News source from CTV News
An estimated 250 people converged on West Edmonton Mall’s Fantasyland Hotel Thursday, for the first of a two-day conference on an issue that was settled by science hundreds of years ago.
The event is billed as the first Canadian Flat Earth International Conference.
Organizers said within the room, there were a number of differing views about the nature of the world we call home.
“You’re going to find so many various beliefs here, but the one thing that we all kind of agree on is that we don’t believe we’re on a spinning ball, flying through space,” said Robbie Davidson, the organizer of the event.
The primary belief of so-called “flat earthers” is that the world is a stationary disc, with all the continents and oceans on top; the Arctic is in the centre, and the Antarctic is a ring-shaped wall of ice around the outside. Another major component of the theory is that the sun, moon and stars move, not the Earth.
One of the key speakers, Mark Sargent, said he initially became interested in 2014, but spent most of his effort trying to debunk the theory.
“I hated this thing. I was banging my head on the keyboard going ‘this is ridiculous,’” he said.
Now, Sargent believes our known world is inside a dome-like structure with walls around the outside and a cover. He carries a small model, inside a shallow jar. Sargent admits he doesn’t know what is outside that dome.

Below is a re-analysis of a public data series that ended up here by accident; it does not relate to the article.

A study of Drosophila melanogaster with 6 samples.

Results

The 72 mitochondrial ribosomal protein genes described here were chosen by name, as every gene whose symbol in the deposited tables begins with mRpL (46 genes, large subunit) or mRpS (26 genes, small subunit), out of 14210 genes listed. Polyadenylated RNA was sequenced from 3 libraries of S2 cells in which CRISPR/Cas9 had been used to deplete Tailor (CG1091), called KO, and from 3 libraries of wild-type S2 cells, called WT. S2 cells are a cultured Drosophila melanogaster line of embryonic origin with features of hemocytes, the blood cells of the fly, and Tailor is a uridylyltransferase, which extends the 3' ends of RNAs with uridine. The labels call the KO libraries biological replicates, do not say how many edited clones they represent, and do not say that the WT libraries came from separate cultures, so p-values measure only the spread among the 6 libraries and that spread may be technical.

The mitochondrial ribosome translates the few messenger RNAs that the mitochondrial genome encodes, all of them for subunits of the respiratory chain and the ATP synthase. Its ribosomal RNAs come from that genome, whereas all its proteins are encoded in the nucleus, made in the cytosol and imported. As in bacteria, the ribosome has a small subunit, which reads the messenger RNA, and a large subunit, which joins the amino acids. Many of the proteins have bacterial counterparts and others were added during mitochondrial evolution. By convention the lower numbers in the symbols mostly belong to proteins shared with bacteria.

Some flat earthers believe in a conspiracy, keeping the general population in the dark.
Sargent suggested governments know the truth but want control. He also believes if people found out such a basic belief was fundamentally wrong, it could cause mass panic.
“Even if there was a 10 per cent chance that the population would be running through the streets with pitchforks and torches, would you take that chance?” he asked.
Scientists, astronauts disagree
Frank Florian, the director of planetarium and space sciences at Telus World of Science, said there is not even a remote possibility that the planet we live on is a flat disc.
Florian points to experiments done by ancient societies, involving comparing shadows, and watching ships arriving and leaving over the horizon, and more modern experiments, all pointing to a round planet.
“It’s not just one person saying it. Basically, a group of scientists are analyzing different things and they’re all coming to the same conclusion,” Florian told CTV News.
Florian said the simplest evidence can be found by watching a lunar eclipse. As the Earth passes directly between the sun and the moon, the world’s shadow can be seen on the lunar surface, and that shadow is curved.
CTV News also reached out to Chris Hadfield, the first Canadian to command the International Space Station. He also circled the Earth several times while in orbit.
His staff told CTV he was unavailable, but pointed us to a prerecorded video in which he speaks sharply against the flat earth theory.
“It’s patently untrue, so there’s no point in engaging in conversation, because all you’re doing is giving that person credibility,” Hadfield said in the video.
Organizers and speakers at the Flat Earth International Conference admitted their evidence for a flat earth is circumstantial, but said raising questions and having a debate about the world is healthy.
“I think science is all about just asking questions. It was always a thing that was encouraged,” said Davidson.
CTV News also asked the Canadian Space Agency for an interview on the topic, but that request was declined.